Poetry, History, Memory: Wang Jingwei and China's Wartime Collaboration
(manuscript in submission)
This book investigates the complex of poetry, history, and memory through the case of Wang Jingwei (1883–1944), a poet, politician, and one of the most controversial figures in modern Chinese history. As Sun Yat-sen’s political heir, champion of leftwing democratic centralism, and rival of Chiang Kai-shek in the Chinese Nationalist Party (GMD), Wang is now primarily remembered as the chief Chinese collaborator with Japan during WWII. The full story, yet to be told, is much more complicated; his intimate subjectivity, performed through refined classical-style poetry, has inspired scholars like Chia-ying Yeh to pronounce his collaboration as driven by a “martyr complex,” which however is based on another reductionist view that sees the function of poetry as revelation. The purpose of this book is three-fold. First, it sheds light on a historical figure long neglected due to moral and ideological biases. Second, it investigates ways of bringing disparate methodologies into a fruitful dialogue, including a sophisticated exegetical method that allows historians to use poetry while maintaining the latter’s ambiguity and hermeneutical openness. Third, it addresses the problem of justice in mnemonic practices and explores ways of reconciliation and forgiveness.
Since we cannot speak of memory without having a basic consensus on history, part one of this book offers a critical biography of Wang Jingwei. Drawing on archives (in the PRC, Taiwan, Japan, the USA, France, and Germany), memoires, historical journals and newspapers, interviews, and scholarly works, this is the first comprehensive biography of Wang’s in any language. Wang’s poetry, as I argue, played a central role in constructing his political identity and posthumous memory. Given the linear and fluid narrative demanded by a biography, part one may raise but cannot fully address hermeneutical issues such as the question of authenticity in lyric poetry, nor can it offer comprehensive readings of some poems that are intensively allusive or have highly complex discursive contexts.
Part two thus consists of thematic explorations of the “poetics of memory,” primarily investigating poems written by Wang during the period of collaboration and his coded lyric conversations with other elite collaborators. By examining a genre practiced by both Chinese and Japanese elites, I also problematize the nation-state paradigm that dominates the scholarship on cultural production in wartime China.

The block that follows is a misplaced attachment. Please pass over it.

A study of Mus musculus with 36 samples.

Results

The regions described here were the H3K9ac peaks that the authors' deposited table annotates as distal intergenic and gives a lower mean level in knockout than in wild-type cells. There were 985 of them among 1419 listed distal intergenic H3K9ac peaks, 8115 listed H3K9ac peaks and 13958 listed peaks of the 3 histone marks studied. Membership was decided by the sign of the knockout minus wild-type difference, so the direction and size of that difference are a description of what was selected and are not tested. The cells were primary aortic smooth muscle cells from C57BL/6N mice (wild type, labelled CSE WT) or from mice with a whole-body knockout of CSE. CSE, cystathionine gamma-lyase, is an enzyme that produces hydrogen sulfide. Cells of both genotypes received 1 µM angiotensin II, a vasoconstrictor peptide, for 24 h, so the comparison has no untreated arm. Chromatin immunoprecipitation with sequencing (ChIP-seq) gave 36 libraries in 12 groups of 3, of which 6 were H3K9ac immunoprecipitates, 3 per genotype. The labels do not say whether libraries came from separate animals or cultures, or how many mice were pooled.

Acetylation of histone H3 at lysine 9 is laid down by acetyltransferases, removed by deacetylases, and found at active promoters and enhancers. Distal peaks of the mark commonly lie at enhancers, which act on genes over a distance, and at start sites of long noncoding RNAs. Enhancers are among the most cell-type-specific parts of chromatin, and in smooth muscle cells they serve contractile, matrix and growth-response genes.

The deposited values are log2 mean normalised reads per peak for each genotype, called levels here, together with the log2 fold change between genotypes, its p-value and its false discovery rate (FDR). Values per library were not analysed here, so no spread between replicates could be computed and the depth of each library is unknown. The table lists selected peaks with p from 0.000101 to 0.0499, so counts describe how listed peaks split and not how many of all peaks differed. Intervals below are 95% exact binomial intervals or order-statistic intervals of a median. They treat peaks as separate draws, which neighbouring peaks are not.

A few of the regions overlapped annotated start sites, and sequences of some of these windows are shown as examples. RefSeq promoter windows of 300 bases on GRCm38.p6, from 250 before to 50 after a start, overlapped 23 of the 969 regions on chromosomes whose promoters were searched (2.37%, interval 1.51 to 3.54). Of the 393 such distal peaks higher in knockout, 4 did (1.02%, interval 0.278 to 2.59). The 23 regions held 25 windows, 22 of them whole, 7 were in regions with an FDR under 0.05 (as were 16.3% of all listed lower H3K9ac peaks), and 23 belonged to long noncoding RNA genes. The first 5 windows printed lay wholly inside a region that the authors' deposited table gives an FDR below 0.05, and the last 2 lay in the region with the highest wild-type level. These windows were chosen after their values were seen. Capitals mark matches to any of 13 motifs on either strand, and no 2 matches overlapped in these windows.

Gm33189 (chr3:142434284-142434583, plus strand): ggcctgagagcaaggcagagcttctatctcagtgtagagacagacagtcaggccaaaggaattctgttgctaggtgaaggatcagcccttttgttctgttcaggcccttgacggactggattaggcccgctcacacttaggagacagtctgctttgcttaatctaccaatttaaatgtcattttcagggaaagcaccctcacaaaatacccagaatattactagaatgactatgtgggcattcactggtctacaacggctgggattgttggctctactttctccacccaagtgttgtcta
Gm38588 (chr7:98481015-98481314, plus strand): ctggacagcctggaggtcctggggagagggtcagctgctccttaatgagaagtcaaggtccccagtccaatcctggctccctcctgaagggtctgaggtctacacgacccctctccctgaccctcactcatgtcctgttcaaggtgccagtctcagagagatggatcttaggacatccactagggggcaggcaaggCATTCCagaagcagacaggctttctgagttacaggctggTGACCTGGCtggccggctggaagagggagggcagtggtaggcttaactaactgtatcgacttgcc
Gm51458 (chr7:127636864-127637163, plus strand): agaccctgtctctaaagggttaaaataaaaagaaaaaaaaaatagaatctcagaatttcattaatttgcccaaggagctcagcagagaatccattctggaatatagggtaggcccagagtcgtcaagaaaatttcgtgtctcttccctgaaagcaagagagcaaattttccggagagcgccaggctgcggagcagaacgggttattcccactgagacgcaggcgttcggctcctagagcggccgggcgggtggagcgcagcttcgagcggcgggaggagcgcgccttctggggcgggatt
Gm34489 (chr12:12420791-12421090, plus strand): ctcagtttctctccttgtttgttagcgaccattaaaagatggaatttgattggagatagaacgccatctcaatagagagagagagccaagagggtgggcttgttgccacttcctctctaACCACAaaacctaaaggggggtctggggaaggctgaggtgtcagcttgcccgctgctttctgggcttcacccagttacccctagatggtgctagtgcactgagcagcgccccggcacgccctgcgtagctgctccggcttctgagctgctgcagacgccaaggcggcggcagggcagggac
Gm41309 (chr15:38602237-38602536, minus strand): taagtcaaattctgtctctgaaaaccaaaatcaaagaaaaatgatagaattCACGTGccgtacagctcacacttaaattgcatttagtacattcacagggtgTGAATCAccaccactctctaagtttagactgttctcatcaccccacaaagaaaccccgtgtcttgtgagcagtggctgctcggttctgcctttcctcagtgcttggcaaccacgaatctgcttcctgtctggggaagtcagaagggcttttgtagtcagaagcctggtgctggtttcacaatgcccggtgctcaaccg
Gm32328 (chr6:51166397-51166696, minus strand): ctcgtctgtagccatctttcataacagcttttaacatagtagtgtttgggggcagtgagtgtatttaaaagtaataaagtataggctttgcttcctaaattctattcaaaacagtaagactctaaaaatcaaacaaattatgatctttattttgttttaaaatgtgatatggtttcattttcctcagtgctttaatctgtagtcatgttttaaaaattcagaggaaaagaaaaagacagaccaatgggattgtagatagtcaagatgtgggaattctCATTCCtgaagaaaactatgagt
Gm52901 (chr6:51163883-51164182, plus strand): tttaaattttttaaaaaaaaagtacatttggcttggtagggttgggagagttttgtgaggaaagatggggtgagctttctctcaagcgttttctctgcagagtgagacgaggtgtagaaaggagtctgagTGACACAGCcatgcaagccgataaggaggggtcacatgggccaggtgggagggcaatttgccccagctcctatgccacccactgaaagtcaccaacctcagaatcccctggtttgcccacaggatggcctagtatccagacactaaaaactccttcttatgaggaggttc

The Lyric Angelus Novus: Avant-garde Classicist Poetry in the Chinese Cyberspace
(manuscript in progress)
Borrowing a Benjaminesque metaphor, this book explores the avant-garde classist poetry of four Chinese poets (Lizi, Xutang, Dugu, and Tianxue) as lyric impersonations of the Angelus Novus. While fixing their gaze on the horrible deconstruction and fragmentation of China’s classical literary language, they are moving with the “wind of progress” towards an unknown future. All four poets broke onto the literary scene around the end of the 1990s by publishing on online forums. Their voices are radically different both from those of their post-Maoist “old cadre” predecessors and from those of the increasing backward-looking young classicists of the Xi Era. They represent a unique moment in China’s cultural shift toward postmodern conservativism: a native lyric form, together with all its archaic prosodic prescriptions, was given a new life when the authority of the past remained dead. By refusing to let institutions speak through them in pastiche (Jameson), they create a truly innovative, hybrid, and cosmopolitan language, which simultaneously evokes China’s cultural memories as a source of discursive resistance to the present.
I propose to explore the following research questions:
1) How does the changing digital media landscape cause the rise (and arguably, the fall) of avant-garde classicist poetry? While the BBS “flâneur” culture was essential to the poets’ stylistic innovations, the social media “follower” culture is encouraging aesthetically conservative kitsch.
2) How does this poetry combine classicist and modernist features? The linguistic and technical innovations of the poets are often inspired by modern literature, Chinese and foreign alike.
3) Since modern Chinese freestyle poetry rhymes in the Standard Mandarin, critics have accused classicist poetry following medieval prosodic prescriptions of anachronism. However, since most Sinitic topolects have preserved medieval vernacular elements to varying degrees, poets native in these topolects (e.g. Hakka, Cantonese, Hokkien) may find the purported medieval prosody no more “imposed” than the Standard Mandarin, if not closer to their vernacular mother tongue.
4) How does this poetry respond to changing gender relations? Though male poets living on the margins of literary sociology are unlikely successors to premodern literati, female poets (like Tianxuezhai) face the unique conundrum that their premodern gender roles in lyric representation were extremely constrained and are entirely obsolete today.
In China today, tightening top-down ideological control, market force, and populist cultural nationalism all conspire to promote a lyric conservatism that is often excessively aestheticist and ideologically conformist. In the end, I will attempt to locate such avant-garde classicist poetry in the history of Chinese poetry. By compiling, preserving, and critically examining the lyric innovations of these four poets, this project also aspires to engage in a discussion on Chinese classicist poetry as a living genre not only of our times, but also of a global literary future.